Festivals are the quintessential summertime activity in Japan, and, if you’re a kid, one of the best things about a matsuri is getting your mom and dad to buy you a colorful plastic mask known as omen. Today, Japanese festival masks come in all sorts of varieties, including superheroes, cartoon characters, magical foxes etc. The more traditional ones can trace their origin to sacred court dances and performances but today they’re mostly treated as silly-looking souvenirs. Underneath all that fun exterior you can sometimes find dark, disturbing histories, as is the case with the following popular omen:
The Stepford Wife of Japanese Festival Masks
The most classic omen has long been Okame, the moon-faced, rosy-cheeked goddess of “many fortunes,” a name that she didn’t get ironically as today she’s considered the deity of marriage, childbirth, school exams, household harmony, jobhunting etc. She’s also an example of a “perfect wife”… because she’d rather die than have people know she was smarter than her husband.
Okame was actually once a real-life woman in 13th-century Japan. She was married to one Nagai Takatsugu, a renowned carpenter who, while working on the Senbon Shaka-do hall at Daihoon-ji temple in Kyoto, noticed that one of his pillars was too short to support the roof. Such a mistake threatened to ruin his reputation, but thankfully Okame came up with a simple solution to use decorative brackets to fill the gaps, something which has never been tried before indoors. It worked perfectly, and then, to make sure no one found out that a woman upstaged a man, Okame killed herself. But then the story still leaked out and nobody cared so, really, her suicide was double pointless. At least it explains why the Okame masks are so… deathly pale.
All that Glistens within Hyottoko is Gold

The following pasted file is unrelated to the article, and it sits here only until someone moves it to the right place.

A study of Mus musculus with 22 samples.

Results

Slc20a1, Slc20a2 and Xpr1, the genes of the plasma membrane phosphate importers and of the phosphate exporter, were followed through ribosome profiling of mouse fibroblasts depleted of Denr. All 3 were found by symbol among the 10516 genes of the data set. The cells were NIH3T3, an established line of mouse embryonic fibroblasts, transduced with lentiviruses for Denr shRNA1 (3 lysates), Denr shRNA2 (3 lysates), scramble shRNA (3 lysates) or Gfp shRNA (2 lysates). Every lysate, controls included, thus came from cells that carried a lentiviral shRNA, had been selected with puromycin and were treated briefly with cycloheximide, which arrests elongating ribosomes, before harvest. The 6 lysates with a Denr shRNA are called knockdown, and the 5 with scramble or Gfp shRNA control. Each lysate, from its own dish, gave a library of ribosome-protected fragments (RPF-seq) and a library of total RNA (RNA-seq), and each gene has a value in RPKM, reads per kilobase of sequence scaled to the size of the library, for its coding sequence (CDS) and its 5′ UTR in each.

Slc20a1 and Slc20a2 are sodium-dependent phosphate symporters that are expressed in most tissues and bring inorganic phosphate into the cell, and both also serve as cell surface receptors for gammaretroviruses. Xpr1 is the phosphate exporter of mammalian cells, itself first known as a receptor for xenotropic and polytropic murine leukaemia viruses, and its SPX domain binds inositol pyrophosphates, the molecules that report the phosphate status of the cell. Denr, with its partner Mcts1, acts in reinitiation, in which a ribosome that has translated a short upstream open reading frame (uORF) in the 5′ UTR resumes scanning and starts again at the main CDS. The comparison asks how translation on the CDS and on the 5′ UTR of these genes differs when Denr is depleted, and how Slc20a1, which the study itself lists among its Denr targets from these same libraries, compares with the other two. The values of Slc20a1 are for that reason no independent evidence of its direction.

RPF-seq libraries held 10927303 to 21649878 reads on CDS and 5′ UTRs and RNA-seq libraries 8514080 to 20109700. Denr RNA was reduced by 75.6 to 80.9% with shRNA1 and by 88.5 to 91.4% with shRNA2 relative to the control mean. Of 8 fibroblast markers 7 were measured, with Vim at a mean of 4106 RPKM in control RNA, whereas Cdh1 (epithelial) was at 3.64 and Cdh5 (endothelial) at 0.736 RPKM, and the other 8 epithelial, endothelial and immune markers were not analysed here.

The man with a headscarf and comedically skewered, puckered lips is Hyottoko, the second most popular matsuri mask ever, almost always appearing together with Okame as a kind of comedic married couple. But there’s nothing funny about the story of Hyottoko.
According to myths from Iwate Prefecture, one time an old man was gathering wood high in the mountains when he came across a princess of the underworld who took him to her palace and later gave him Hyottoko, a child with a strange face, as a gift, as one normally does. The man took a liking to the boy, especially after it turned out that he produced gold from his bellybutton. Sadly, the man’s wife wanted more gold so one day she started digging around in the child’s abdomen with a pair of tongs and killed him. Stricken with grief, the man made a mask resembling Hyottoko’s face to remember him and hanged it over his fireplace, which today is said to bring happiness to households who do the same.
Yeah, because nothing says good luck like the death mask of a child that was stabbed to death.
The Oni Version of Cyrano de Bergerac
Together with masks of oni demons, tengu omen are popular with kids because of their fierce appearance and hilariously huge noses. It’s good for kids to learn early on that physical imperfections are the secret to comedy.
Although all tengu can broadly be described as supernatural creatures with wings and long noses, there are actually two kinds of tengu in Japanese mythology. There are giants such as Doryo, a guardian deity of a sacred mountain in Kanagawa, and smaller, raven-like tengu who are considered a kind of patron of ninjas because of their magical powers. They are also misanthropic bastards with a penchant for sacrilege. They often spend their free time trying to seduce priests and nuns or kidnapping people and forcing them to… eat feces until they go insane.
The tengu omen almost always depict the larger, nobler tengu, but according to some versions of the myth, it doesn’t matter because they are really one and the same. So Japanese parents just have to roll the dice that the souvenir they bought for their kids actually depicts a mythological mountain monk and not a magic sociopath whose favorite hobby is interspecies sex and forced coprophagia.